Constitution Daily

Smart conversation from the National Constitution Center

Article II

The man whose impeachment vote saved Andrew Johnson

May 16, 2019 By NCC Staff

After being impeached, President Andrew Johnson survived his 1868 Senate trial by just one vote. And to this day, how that vote was cast remains shrouded in controversy.

James Buchanan’s troubled legacy as President

April 23, 2019 By NCC Staff

April 23 marks the birthday of James Buchanan, the man regarded by many historians as one of the worst presidents of all time. So what did Buchanan do to earn the disrespect of so many people?

Happy birthday to First United States Congress

April 6, 2019 By NCC Staff

On this day in 1789, the First Congress under our current Constitution met in its first joint session in New York and undertook an important order of business: confirming George Washington’s election as President.

The Alaska purchase: Folly or good fortune?

March 30, 2019 By NCC Staff

On this day in 1867, United States Secretary of State William Seward signed a deal acquiring Alaska, an agreement that was ridiculed by some as “Seward’s Folly” and opposed in the House.

Andrew Jackson, presidential censure and the Constitution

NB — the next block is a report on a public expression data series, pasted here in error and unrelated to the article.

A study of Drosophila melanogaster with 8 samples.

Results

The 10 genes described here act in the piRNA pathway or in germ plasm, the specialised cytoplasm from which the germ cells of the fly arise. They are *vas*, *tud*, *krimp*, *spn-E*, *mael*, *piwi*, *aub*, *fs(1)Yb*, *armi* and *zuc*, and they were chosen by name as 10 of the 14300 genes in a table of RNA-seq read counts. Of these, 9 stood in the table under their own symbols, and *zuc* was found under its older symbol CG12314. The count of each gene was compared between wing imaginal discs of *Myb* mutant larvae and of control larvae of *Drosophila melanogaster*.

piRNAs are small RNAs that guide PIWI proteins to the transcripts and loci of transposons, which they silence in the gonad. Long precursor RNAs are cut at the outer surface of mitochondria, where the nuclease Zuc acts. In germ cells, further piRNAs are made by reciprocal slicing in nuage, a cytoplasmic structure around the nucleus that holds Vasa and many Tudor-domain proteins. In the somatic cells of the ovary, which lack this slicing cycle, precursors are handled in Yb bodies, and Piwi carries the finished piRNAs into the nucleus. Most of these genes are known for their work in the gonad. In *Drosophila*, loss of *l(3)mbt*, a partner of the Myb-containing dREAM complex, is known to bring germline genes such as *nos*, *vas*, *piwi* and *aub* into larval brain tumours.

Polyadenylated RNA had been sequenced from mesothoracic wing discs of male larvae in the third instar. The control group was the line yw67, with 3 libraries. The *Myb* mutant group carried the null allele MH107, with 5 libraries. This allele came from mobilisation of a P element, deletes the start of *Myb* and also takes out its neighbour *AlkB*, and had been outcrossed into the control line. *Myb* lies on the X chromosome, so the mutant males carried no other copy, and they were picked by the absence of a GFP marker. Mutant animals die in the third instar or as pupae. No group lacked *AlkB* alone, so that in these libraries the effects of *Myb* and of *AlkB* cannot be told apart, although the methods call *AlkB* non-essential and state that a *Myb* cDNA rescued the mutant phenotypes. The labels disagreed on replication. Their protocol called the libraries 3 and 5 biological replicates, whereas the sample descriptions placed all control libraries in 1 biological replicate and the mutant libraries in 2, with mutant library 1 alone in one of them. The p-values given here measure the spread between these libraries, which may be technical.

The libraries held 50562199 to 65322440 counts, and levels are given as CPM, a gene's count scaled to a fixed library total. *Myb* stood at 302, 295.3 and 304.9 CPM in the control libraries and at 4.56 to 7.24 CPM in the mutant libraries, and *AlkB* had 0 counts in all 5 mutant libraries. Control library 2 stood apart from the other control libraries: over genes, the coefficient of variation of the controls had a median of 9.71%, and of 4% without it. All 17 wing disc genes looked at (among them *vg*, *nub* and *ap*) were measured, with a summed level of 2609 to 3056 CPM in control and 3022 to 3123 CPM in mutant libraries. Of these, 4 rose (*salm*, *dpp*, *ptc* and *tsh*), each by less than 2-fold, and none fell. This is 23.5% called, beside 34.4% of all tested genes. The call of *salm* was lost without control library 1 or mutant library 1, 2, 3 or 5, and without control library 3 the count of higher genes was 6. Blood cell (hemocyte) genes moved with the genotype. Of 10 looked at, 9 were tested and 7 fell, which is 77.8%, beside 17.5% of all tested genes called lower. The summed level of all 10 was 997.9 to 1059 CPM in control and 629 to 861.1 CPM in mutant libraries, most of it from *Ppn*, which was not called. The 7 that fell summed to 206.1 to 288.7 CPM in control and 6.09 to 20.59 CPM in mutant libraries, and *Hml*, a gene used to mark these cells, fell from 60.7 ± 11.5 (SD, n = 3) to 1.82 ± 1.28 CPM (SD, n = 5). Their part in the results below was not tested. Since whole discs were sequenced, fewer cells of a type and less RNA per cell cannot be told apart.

March 28, 2019 By Abigail Perkiss

On March 28, 1834, the U.S. Senate censured President Andrew Jackson in a tug-of-war that had questionable constitutional roots but important political overtones.

Has the time come to shut down the Electoral College?

March 22, 2019 By Lyle Denniston

Constitution Daily contributor Lyle Denniston looks at the current debate over the Electoral College and why history, as well as contemporary politics, may be stacked against its elimination.

On this day, the Senate summons President Johnson to his impeachment trial

March 13, 2019 By NCC Staff

It was on this day that the United States Senate began the first trial of a sitting United States President after the House approved impeachment charges against President Andrew Johnson.

Marbury v. Madison: The Supreme Court claims its power

February 24, 2019 By Nicandro Iannacci

In an act of “judicial jujitsu,” the Supreme Court issued its decision in Marbury v. Madison on February 24, 1803, establishing the high court’s power of judicial review.

Whitaker’s Acting Attorney General appointment heads to court

November 13, 2018 By Scott Bomboy

The state of Maryland is asking a federal judge to rule that current acting U.S. Attorney General Matthew G. Whitaker can’t serve in that capacity in a lawsuit involving Obamacare, setting up a challenge to his overall status in that position.

The Space Force and the Constitution

August 22, 2018 By Scott Bomboy

The Trump administration’s proposal to create a sixth military service branch to focus on space warfare is raising an interesting debate about the Constitution’s original meaning and how a Space Force would come into existence.